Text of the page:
Teens spend more than 3 hours a day using their smartphones to go online, but they also like to skip adverts

Teens aged 16 to 19 years are spending an average 3 hours 38 minutes in front of their smartphones. That’s according to 2016 findings from GlobalWebIndex.

Having grown up in the era of smartphones, teens are using their smartphones an average 48 minutes longer than the global average of consumers aged 16 to 64.

Time spent on their devices to go online only slightly differs between age groups, with teens allocating an average 3.08 hours a day to accessing the Internet via their smartphones. Millennials rank second at 2.87 hours daily.

That means mobile now accounts for more than 40% of teens’ online time, approaching the 50% mark by the end of 2017.
Pew Research Center data confirms that teens rely more heavily on smartphones to access the Internet compared to older age groups.

Social apps are a major focus among younger generations. The majority (88%) of 16-24 year-olds use social networking apps and 86% employ messaging apps.
Perhaps unsurprisingly, Snapchat is the clear winner among the leading social networks as voted by US teens. It is narrowly followed by Instagram. Interestingly, according to these Statista findings, Twitter trumps Facebook among American teens.

Think With Google recently also presented insights on Generation Z, highlighting the age group as a growing audience for mobile purchases.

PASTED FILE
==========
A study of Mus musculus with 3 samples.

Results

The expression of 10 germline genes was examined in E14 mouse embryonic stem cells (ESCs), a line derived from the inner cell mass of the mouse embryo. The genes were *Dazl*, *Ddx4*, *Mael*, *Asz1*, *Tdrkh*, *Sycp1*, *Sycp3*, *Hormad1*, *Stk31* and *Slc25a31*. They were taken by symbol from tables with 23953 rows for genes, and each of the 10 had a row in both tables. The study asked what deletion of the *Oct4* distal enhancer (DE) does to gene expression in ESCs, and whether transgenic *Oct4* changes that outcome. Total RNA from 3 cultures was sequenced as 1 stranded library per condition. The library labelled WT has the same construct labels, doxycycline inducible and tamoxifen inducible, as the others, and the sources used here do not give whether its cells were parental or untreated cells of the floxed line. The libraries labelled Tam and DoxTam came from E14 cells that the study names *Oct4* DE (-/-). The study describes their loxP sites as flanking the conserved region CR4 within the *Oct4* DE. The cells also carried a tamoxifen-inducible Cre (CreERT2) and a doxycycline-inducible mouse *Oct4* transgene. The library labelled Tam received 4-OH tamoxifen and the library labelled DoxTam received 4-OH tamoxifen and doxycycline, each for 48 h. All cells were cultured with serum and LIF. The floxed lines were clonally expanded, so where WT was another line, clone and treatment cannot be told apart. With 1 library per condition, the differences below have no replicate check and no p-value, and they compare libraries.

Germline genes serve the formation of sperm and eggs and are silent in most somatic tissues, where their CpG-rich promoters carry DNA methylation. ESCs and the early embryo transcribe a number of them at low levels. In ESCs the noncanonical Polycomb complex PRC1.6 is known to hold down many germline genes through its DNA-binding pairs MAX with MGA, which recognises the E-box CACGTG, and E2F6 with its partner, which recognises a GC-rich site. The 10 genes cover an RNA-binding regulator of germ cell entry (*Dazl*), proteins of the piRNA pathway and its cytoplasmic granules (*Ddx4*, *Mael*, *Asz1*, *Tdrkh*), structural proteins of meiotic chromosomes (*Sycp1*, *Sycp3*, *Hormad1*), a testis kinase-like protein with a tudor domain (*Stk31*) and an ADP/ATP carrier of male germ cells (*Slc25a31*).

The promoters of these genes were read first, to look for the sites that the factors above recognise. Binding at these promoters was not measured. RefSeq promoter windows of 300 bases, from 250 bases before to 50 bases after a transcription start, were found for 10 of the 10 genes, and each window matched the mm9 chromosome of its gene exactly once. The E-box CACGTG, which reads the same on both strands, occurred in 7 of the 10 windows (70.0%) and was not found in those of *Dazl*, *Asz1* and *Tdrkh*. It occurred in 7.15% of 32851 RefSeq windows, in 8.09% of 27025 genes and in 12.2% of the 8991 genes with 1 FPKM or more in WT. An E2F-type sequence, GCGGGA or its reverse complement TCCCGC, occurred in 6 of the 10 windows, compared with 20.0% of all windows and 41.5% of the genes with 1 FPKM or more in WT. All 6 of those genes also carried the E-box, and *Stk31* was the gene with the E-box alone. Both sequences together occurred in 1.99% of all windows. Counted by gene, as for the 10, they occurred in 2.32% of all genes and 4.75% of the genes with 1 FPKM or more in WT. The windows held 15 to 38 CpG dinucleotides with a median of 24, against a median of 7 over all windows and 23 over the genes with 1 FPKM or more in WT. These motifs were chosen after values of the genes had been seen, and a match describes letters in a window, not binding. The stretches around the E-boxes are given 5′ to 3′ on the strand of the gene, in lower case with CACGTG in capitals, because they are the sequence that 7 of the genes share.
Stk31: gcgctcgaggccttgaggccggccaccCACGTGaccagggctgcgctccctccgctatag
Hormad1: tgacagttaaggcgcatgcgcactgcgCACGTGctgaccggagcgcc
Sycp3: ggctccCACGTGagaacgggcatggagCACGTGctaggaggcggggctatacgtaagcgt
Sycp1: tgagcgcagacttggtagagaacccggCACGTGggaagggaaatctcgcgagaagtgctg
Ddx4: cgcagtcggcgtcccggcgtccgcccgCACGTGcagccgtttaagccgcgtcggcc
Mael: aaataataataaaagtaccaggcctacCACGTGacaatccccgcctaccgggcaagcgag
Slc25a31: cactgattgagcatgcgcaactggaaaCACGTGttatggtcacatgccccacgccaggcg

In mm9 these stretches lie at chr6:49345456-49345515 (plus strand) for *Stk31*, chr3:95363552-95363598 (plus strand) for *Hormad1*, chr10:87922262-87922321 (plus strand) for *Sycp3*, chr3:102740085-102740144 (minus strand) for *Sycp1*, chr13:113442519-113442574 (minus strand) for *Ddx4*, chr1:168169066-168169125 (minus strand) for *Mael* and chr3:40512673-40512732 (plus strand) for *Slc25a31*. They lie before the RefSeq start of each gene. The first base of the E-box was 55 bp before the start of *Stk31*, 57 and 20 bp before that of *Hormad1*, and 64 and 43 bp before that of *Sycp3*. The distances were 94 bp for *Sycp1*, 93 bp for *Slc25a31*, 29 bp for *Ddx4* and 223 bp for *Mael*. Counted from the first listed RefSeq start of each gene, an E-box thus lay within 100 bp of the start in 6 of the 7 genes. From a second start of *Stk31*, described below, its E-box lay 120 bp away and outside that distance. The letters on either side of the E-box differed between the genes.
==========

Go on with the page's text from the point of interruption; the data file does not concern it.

Evidently, advertisers trying to reach and engage teens can benefit from a mobile-first approach.
However, a study by Millward Brown found that teens may prefer desktop ads compared to mobile display or video ads. Generation Y (20 to 34 years) appears to be the most responsive to all online advertising formats.

But teens can be won over. Mobile rewarded video was found to be significantly preferred among teens compared to other age groups. Skippable pre-roll ads are also on their list of top formats.

In addition, teens are keen on branded events and social celebrity content. However, given their preference for skipping adverts (66% of Gen Z skip ads when they can), it’s more important than ever before to focus on highly personalised and engaging content. Targeting mood moments and developing content that resonates with this young audience are important factors to be considered when trying to reach teens.